I always try to find something good – something I enjoy – even in the bad games. My unofficial rankings are often higher than those of the real judges. I may categorize a game as “very good” where others consider it below average. I may score a game as “outstanding” where others find it merely passable. I can enjoy a game that’s technically bad, and even recommend an entry with bugs (especially if the author releases a post-comp update). I don’t know how true that will be this year, since my tastes change the more I write and play IF, but it has been true in the past.
[RANT] I play interactive fiction because it’s fun. Playing and reviewing this many games may seem like a chore at times, but it really shouldn’t. These are the creations of real people, not emotionless robots. The feedback (especially when it’s brutally negative and lacks tact) can be a major slam to hopeful entrants. Let the score we assign be our stamp of approval (or disapproval). In reviews of amateur, hobbyist games, we need not be so callous and cavalier. Perhaps a review can be honest and critical without merely slapping the faces of these authors. This is the philosophy I try to use when I review interactive fiction. [/RANT]
These reviews will form a kind of player's journal, since I'll write each one immediately (if possible) after playing the game. My reviews may contain spoilers. I’ll try not to do it, and I’ll try to explain things without giving away a puzzle or the story, but if I can’t, I can’t. Just keep this in mind when reading my reviews. Also, the number beside each review is the order in which it was played, not its order by rankings (although they will be re-listed in rankings order on the review list page.
I will use a variation of the same ranking system that has keep me on track when reviewing prior competitions. In those prior competitions, I would assign a base score that could sometimes fall a half-point between two rankings (when I couldn’t decide whether it was “good” enough to bump up or “bad” enough to bump down). This year, I will be more decisive. All games will be scored a flat 1 through 10, without this half-point confusion.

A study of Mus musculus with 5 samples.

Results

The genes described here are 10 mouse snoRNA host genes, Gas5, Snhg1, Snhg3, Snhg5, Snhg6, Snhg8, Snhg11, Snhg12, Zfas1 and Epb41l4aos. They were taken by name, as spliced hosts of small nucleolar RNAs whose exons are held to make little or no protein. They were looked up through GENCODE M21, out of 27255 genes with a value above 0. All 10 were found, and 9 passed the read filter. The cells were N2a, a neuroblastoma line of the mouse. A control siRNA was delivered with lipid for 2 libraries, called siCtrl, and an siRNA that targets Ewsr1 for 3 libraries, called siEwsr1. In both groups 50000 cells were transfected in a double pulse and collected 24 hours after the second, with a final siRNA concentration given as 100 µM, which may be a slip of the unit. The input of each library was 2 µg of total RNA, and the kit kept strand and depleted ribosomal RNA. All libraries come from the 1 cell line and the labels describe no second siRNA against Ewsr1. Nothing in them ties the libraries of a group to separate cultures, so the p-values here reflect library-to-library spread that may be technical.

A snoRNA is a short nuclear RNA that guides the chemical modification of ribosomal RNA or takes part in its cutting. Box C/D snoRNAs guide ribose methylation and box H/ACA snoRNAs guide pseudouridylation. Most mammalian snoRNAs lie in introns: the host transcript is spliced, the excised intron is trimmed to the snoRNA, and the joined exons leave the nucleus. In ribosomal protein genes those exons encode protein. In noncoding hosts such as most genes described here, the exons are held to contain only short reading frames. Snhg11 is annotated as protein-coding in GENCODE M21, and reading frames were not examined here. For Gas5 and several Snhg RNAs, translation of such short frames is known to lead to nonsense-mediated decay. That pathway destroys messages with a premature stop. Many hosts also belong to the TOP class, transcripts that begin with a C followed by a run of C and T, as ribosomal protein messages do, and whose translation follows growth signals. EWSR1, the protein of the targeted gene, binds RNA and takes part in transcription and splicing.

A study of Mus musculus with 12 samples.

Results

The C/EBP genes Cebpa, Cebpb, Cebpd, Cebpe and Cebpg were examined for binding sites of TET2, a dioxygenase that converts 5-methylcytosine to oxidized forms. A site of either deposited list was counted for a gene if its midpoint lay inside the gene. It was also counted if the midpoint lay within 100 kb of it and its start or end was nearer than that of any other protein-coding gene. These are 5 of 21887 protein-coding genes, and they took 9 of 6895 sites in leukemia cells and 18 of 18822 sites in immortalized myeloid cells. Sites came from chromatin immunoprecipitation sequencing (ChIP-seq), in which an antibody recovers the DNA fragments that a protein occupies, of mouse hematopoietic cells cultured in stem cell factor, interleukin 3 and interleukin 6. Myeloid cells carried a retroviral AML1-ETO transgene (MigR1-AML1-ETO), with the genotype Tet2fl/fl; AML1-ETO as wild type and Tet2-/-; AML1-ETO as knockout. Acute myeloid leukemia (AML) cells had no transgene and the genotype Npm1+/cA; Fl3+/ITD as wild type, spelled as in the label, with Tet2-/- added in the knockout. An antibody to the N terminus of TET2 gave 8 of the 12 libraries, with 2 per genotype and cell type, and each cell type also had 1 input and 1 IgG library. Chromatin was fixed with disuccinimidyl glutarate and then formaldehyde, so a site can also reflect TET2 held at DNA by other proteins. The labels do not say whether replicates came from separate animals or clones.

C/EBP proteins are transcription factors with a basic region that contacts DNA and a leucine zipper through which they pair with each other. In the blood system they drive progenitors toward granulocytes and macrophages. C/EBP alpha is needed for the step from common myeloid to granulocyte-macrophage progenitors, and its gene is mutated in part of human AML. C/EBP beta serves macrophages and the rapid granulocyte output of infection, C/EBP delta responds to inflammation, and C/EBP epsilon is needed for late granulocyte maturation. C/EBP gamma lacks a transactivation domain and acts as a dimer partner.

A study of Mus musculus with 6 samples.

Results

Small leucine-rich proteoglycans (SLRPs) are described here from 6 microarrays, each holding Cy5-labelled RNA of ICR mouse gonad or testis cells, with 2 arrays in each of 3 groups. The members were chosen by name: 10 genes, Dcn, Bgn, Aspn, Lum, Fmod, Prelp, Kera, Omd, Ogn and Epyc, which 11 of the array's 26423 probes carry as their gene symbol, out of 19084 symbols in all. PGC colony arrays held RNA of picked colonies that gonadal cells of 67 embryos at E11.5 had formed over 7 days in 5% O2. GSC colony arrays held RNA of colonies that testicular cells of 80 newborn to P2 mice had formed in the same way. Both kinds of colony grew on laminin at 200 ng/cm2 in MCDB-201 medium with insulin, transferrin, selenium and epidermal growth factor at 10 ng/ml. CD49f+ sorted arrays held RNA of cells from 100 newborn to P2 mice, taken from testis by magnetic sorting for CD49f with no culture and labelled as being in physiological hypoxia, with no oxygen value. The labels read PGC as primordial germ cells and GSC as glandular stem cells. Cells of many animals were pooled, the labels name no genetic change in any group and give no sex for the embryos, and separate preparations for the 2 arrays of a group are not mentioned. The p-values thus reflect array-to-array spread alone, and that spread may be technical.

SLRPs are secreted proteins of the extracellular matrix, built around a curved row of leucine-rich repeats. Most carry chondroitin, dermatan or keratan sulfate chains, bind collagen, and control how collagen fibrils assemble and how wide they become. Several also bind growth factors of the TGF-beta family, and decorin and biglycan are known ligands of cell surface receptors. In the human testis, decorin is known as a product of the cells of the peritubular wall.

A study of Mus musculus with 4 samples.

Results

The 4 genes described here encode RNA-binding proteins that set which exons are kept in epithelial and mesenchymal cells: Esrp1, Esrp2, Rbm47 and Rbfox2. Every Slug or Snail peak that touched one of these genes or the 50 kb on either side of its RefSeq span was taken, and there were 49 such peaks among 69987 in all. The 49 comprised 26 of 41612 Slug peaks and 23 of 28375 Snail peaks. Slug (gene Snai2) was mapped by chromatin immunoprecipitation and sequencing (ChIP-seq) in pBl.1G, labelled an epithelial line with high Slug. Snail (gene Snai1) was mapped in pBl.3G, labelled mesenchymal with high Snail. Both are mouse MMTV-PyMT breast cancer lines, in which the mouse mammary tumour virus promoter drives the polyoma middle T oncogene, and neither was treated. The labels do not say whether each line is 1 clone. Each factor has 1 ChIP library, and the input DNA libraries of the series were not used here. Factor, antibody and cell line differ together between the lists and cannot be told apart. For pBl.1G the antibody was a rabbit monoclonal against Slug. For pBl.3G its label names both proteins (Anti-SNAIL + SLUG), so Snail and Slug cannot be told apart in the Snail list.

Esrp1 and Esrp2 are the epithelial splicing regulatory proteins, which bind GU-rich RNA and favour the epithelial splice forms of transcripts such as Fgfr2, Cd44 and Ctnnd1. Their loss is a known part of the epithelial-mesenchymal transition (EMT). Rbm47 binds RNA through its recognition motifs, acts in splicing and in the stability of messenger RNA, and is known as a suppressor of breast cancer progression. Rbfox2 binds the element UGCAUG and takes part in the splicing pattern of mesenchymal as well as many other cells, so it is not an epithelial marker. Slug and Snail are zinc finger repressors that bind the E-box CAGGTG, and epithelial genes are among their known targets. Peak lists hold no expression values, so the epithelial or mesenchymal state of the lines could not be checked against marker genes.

For previous competitions I also added “skew” points to some scores. These were a half or full point (sometimes more) up or down from the base score. This was always noted and explained, but it may have been confusing that a game with a 7.5 (base) + 1.0 (skew) was technically between 7 and 8 on my scale, but in getting an 8.5 by my personal bias, it wasn’t actually between an 8 and a 9 on my scale. See? Confusing. Since my preferences are inherent to the scoring system, I’m also dropping skew points this year. As a replacement to the flexibility I intended to achieve with skews, I’ll use plus and minus this year. This is where I’ll put any additional bias, so that it won’t wreck the correlation between score and definition.
Some reviews may list specific problems (bugs, typos, uncategorized quirks) in the competition version of the game, which may not be true in versions updated and released after the competition. I do this partly as feedback to the authors (not all of whom I can/should contact directly), partly as points for other IF authors on the kinds of things that can go wrong, and partly as an explanation or justification for the score.
As I'm not strictly bound by the 2-hour rule (I can’t submit votes), I may play longer, and I may revise my scores after giving more thought to the game later. However, I hope to keep such activity under control, since in future years I may be a judge instead of an author. This could be good practice for that.